Lost Art: Francis Bacon - Study for Man with Microphones 1946
Study for Man with Microphones 1946
(later Gorilla with Microphones c.1947–8)
Oil paint on canvas
145 x 128 cm

The Gallery of Lost Art is an immersive, online exhibition that tells the fascinating stories of artworks that have disappeared. Each week, a new story of loss is added


    Gorilla with Microphones as discovered in Bacon’s studio

    Collection: Dublin City Gallery The Hugh Lane
    © The Estate of Francis Bacon / DACS London

  • Lost Art: Francis Bacon - Employees of Dublin’s Hugh Lane Gallery inspect the Francis Bacon studio materials

    Employees of Dublin’s Hugh Lane Gallery inspect the Francis Bacon studio materials c.1998.

    Collection: Dublin City Gallery The Hugh Lane
    © The Estate of Francis Bacon / DACS London

Study for Man with Microphones 1946

Francis Bacon’s Study for Man with Microphones was completed in 1946 and exhibited twice that year. At some point in the next fifteen years Bacon reworked the composition and in 1962 it was exhibited in dramatically revised form as Gorilla with Microphones.

Bacon found it difficult to stop working on his paintings; his canvases often became so clogged with pigment that they had to be discarded. He also routinely destroyed works he was not pleased with. After his death in 1992, Bacon’s London studio was discovered to contain almost one hundred slashed or destroyed canvases alongside thousands of books, photographs and other reference materials. Gorilla with Microphones was among the destroyed works, with two large sections cut from the centre of the canvas. Although the artist clearly intended to render the painting unviewable, what remains offers valuable insights into Bacon’s approach to art. Tantalisingly, Bacon once described his destroyed works as among his best, admitting regret at their loss. Conceivably – although we will never be in a position to judge – Study for Man with Microphones may well have been among Bacon’s most powerful early works.

Bacon was fascinated with the theme of the speech-making politician: his studio was filled with press photographs of Hitler and his Nazi henchmen Herman Goering and Joseph Goebbels, whose speeches before and during the war had created an indelible memory in the minds of Bacon’s generation. In Study for Man with Microphones the male figure is clearly a public orator, caught seemingly mid-sentence. His white shirt and dark suit were standard dress for British politicians, while the black umbrella was associated with Neville Chamberlain, the pre-war British Prime Minister who often carried an umbrella (and in some cartoons was even represented as an umbrella).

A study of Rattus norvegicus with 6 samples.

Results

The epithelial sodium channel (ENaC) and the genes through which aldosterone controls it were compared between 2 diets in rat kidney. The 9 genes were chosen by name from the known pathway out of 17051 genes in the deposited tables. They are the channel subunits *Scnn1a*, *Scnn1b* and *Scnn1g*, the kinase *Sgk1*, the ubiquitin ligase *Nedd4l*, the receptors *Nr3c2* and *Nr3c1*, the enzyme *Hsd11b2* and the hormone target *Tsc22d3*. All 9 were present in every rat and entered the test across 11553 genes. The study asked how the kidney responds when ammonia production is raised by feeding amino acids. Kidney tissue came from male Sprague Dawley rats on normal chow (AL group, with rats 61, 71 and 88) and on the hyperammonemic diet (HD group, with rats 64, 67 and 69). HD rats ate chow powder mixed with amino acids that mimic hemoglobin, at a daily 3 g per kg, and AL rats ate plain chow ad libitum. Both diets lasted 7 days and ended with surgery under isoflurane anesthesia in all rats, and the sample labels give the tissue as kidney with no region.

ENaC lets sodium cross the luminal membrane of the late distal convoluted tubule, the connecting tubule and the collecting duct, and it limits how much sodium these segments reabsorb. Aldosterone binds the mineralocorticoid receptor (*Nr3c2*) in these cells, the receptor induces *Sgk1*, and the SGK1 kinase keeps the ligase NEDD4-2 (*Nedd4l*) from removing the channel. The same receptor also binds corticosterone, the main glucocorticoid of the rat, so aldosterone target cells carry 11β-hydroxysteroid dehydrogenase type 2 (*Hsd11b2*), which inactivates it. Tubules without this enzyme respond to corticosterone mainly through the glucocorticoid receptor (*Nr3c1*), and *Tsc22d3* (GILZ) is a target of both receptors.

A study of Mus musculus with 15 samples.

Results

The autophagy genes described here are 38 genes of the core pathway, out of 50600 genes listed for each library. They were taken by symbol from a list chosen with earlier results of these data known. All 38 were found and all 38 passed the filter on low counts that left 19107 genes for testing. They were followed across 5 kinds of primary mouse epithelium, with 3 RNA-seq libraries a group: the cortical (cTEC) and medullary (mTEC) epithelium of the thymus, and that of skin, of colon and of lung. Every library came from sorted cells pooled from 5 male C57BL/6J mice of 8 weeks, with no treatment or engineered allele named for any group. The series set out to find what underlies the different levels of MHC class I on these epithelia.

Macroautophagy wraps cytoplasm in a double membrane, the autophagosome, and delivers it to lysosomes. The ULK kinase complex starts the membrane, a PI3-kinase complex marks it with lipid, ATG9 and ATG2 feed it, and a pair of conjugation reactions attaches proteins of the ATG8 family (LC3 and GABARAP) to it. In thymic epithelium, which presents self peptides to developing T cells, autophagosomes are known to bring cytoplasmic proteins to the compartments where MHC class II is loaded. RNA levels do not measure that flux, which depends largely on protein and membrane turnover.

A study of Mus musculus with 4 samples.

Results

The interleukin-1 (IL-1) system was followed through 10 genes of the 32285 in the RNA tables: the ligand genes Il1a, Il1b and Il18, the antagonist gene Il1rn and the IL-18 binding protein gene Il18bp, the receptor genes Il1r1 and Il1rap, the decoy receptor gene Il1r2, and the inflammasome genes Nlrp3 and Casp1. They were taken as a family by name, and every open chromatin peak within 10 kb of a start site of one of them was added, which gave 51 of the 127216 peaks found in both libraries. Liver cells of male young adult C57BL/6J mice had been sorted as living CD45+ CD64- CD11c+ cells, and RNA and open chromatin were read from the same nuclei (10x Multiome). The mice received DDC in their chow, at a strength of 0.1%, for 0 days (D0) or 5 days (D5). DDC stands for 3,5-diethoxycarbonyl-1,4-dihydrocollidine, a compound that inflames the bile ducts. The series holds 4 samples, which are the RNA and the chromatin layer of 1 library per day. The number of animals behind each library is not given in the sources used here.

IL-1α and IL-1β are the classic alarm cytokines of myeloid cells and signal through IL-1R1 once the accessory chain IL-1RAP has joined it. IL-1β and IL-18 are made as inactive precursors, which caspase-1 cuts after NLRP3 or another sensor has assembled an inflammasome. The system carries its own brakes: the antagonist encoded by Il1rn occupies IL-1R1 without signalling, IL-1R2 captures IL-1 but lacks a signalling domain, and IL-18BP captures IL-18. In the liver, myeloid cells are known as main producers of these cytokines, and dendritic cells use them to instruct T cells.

Unsold after its exhibitions in 1946, the painting was returned to the artist and remained in the artist’s studio from 1946 to 1962, when it was exhibited at the Galleria d’Arte Galatea in Milan. However, the work was now dramatically altered. Although the microphones remained, the man seated under a shadowy umbrella had been replaced with the truncated torso of a gorilla, its back turned to the viewer. In the 1962 catalogue the work also had a new title: Gorilla with Microphones.

Exactly when Bacon repainted Study for Man with Microphones is uncertain. Author of Bacon’s 1964 catalogue raisonné, Ronald Alley placed the revisions at around 1947–8 as the changes appear similar to works from that period. However, even with the new title Gorilla with Microphones, the link with political satire remained: there was an established tradition, in particular among the British press, of associating powerful political figures with monkeys or gorillas.

Yet Bacon was not happy with the changes he had made. Two years after the Milan exhibition, the work was listed in Alley’s 1964 catalogue as ‘abandoned’, though crucially it was not classified among the destroyed works. After Bacon’s death in 1992 his studio at 7 Reece Mews, Kensington – where he had worked for over thirty years – was found full of destroyed canvases. Portraits with faces cut out were piled on the floor. Larger lacerated works were stacked against the windows and walls. In some cases the damage had evidently been inflicted even while the paint was still wet. In others, the fracturing of the dry paint showed they had been cut long after completion. This was the case with Gorilla with Microphones, which had two large sections cut away from the centre of the canvas. These missing portions were found in the same room.

Radically reworked and then subsequently vandalised by the artist, what remains of Study for Man with Microphones is a tangible reminder that artists sometimes destroy works as part of a pained and tortuous creative process.